New study aims to prevent suicides in minority groups
16 March 2005
A joint study between academics at UCL and Queen Mary, University of London, will aim to reduce the rates of black and ethnic minority suicides in this country.
Around 5,000 people commit suicide in the UK every year, and the government has set a target of reducing this figure by one fifth by 2010. As part of this initiative, the Department of Health with the National Institute of Mental Health in England (NIMHE) have produced a National Suicide Prevention Strategy.
Despite these measures by the government, very little is known about suicide rates among different ethnic groups. It is unclear who is at risk, and why. This is partly due to the fact that racial and cultural details are not recorded on death certificates in the UK.
In support of the national strategy, this research will draw on a number of sources to identify groups that are at increased risk, and develop culturally specific approaches to reduce the rates of suicide in those groups.
UCL psychiatrist Dr Kwame McKenzie is conducting the study with Queen Mary's Professor Kamaldeep Bhui. Dr McKenzie is an expert in mental illness among different cultural groups and has published a number of papers on the subject. He said: "The UK's National Suicide Prevention Strategy is one of the best in the world. It is built on evidence, but the evidence of who is at risk and what works to decrease the risk is lacking for ethnic minority groups. This project should plug that knowledge gap."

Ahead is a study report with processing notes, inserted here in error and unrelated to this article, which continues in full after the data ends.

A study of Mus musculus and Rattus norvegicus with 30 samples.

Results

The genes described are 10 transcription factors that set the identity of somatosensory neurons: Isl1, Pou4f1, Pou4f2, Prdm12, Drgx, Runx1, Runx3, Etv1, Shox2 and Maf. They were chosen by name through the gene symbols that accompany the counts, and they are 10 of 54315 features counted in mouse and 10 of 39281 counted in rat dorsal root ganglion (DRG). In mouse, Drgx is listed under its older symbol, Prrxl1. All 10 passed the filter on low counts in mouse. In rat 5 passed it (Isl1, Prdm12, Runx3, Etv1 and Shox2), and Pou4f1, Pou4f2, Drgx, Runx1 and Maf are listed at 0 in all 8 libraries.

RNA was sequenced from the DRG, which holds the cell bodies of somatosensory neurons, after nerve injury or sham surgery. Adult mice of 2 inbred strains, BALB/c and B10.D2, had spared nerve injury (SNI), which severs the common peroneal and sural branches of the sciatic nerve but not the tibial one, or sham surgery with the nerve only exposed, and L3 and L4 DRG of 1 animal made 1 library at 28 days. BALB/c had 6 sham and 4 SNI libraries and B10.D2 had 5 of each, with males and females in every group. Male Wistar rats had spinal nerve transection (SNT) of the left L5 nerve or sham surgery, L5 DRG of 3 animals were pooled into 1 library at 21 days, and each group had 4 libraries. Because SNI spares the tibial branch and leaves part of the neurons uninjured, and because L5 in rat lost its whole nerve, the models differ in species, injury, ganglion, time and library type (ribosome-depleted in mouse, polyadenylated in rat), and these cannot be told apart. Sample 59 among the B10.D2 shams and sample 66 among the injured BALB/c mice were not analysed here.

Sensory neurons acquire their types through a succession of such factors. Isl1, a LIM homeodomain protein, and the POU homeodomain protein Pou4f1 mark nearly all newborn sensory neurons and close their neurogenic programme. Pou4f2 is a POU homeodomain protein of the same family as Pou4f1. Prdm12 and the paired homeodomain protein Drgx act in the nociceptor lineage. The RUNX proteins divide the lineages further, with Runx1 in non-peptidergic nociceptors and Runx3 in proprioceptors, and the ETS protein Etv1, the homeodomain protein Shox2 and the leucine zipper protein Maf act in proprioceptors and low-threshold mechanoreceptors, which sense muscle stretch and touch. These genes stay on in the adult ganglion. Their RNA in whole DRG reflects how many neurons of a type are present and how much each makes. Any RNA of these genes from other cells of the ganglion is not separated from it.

Call for data
The academics are appealing to all individuals and organisations that hold data on suicide or attempted suicide in ethnic minorities to contact them. They will reanalyse the information to investigate the social, psychological economic and geographical risk factors for suicide in these groups.
To find out more about NIHME use the link below.